Swarm of Applicants Vying for New York City’s Health Tech Grants
Supporters of New York City’s rising health IT sector are poring over scores of applications this week for $100,000 city grants to help young companies test-drive their health tech products by working with major New York health care providers.
Jean-Luc Neptune of Health 2.0 says a mass of application submissions arrived in a flurry on Sunday, Feb. 10, the last day to put in a bid.
“We got over a hundred, and we’re still counting,” says Neptune.
Health 2.0 is one of three organizations managing the Pilot Health Tech NYC grant competition for the New York City Economic Development Corporation, which has $1 million to spend on 10 or more partnerships between innovative startups and medical care hosts such as New York Presbyterian Hospital. The maximum grant is $100,000.
Neptune says he’s beginning to sift through the grant hopefuls, along with his partners from the health tech accelerator organizations StartUp Health and Blueprint Health. They’re working at Blueprint’s SoHo 12,000-square-foot loft space on lower Broadway, where Blueprint provides coworking space for New York healthcare entrepreneurs.
The team evaluating the Pilot applications will be looking for early-stage health IT companies whose products best match the interests of the hospitals and other New York institutions that have agreed to participate in a partnership to try out health tech innovations.
The companies chosen will be invited to matchmaking sessions on February 20 and 21. The company-provider pairs can then compete for the final grant selection by sending in full plans for their partnership goals by May 27. Some health tech companies have already gotten a jump on the competition by starting their own talks with a provider group. Those partners can also submit a final application in May, Neptune says. The successful candidates will be announced at a June 26 ceremony at Blueprint.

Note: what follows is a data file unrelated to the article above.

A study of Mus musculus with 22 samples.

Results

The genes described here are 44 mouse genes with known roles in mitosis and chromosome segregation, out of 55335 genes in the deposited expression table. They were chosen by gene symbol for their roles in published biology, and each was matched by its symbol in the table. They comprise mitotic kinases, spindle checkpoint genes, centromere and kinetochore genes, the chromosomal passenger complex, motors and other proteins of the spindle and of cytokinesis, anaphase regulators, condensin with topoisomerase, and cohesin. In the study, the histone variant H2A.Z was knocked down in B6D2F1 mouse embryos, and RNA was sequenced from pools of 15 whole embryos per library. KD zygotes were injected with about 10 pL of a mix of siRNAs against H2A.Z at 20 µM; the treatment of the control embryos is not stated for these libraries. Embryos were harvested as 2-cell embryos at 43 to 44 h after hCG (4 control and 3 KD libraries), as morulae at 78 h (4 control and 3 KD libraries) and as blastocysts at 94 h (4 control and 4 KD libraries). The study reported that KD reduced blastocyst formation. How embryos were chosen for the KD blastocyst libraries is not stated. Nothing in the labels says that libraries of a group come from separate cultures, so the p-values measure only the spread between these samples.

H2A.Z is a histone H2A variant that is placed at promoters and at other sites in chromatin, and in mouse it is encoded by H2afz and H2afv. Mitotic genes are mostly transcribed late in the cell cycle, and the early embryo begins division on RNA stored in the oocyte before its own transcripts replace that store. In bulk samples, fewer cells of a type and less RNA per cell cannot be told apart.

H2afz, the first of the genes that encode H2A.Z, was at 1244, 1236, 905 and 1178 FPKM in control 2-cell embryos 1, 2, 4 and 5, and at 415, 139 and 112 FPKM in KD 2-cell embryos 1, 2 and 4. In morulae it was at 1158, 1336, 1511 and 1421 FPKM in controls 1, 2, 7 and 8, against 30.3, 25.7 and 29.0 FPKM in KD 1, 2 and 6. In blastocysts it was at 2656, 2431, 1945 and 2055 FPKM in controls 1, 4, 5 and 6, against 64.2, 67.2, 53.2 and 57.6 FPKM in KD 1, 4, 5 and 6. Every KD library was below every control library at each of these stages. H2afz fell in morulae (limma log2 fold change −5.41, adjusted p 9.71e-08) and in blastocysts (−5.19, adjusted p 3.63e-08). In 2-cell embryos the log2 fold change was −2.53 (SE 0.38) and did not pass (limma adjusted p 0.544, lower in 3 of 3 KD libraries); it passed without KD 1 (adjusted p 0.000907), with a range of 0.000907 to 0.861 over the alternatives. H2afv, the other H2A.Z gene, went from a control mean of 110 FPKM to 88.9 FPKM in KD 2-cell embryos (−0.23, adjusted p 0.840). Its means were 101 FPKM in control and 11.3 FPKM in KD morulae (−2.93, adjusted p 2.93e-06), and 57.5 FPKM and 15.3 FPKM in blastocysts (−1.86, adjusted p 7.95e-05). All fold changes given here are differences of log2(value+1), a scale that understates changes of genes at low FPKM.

The partner hospitals already recruited for the Pilot program are very interested in health IT products that can help them coordinate the care of patients as they move from one health care setting to another, such as the transition from an inpatient surgical unit to a recovery center, Neptune says. Under federal health care reforms and other initiatives, payers such as Medicare are basing reimbursement decisions on the health outcomes of treatment. Hospitals can be penalized if a patient is readmitted within a short time after surgery, for example.
The Pilot grant recipients will work together for three to six months, and will then have the chance to present their accomplishments on the main stage at Health 2.0’s annual conference in Santa Clara, CA, which starts on Sept. 29, 2013. That could give the companies a showcase before a crowd of potential investors, Neptune says.
“We believe that a lot of the stuff we’re doing will draw attention from VC’s,” Neptune says.
Companies based in New York City will be strongly preferred in the Pilot grant selection, because one of the main purposes of the program is to encourage firms to form in the city or to start a major branch there, bringing jobs and other economic benefits to New York, say officials from the New York City Economic Development Corporation.
But companies outside New York’s five boroughs could still apply, Neptune says. They had to state that they plan to move to the city or create a significant presence there in the event that they win one of the grants, he says.
Health 2.0 is also co-managing another of the economic development agency’s programs to jump-start the city’s healthcare business community. The Innovate Health Tech NYC program will award a total of $50,000 to three companies developing software and/or hardware to solve urgent healthcare problems. The application deadline is May 2.
Neptune estimates that there are at least several hundred health tech companies in New York, with more forming constantly. New York City’s economic stimulus programs are driving the growth, in addition to incubators such as Blueprint, Startup Health, and the New York eHealth Collaborative (NYeC), he says. The city is a rich environment for entrepreneurs because of its dense community of hospitals, medical schools, and other health care provider institutions, Neptune says. Although the Bay area and Boston are traditionally seen as health tech hubs, New York is gaining on them, he says.
“We have a tremendous infrastructure that we’re just beginning to tap for healthcare innovation,” Neptune says. “New York could soon be number one.”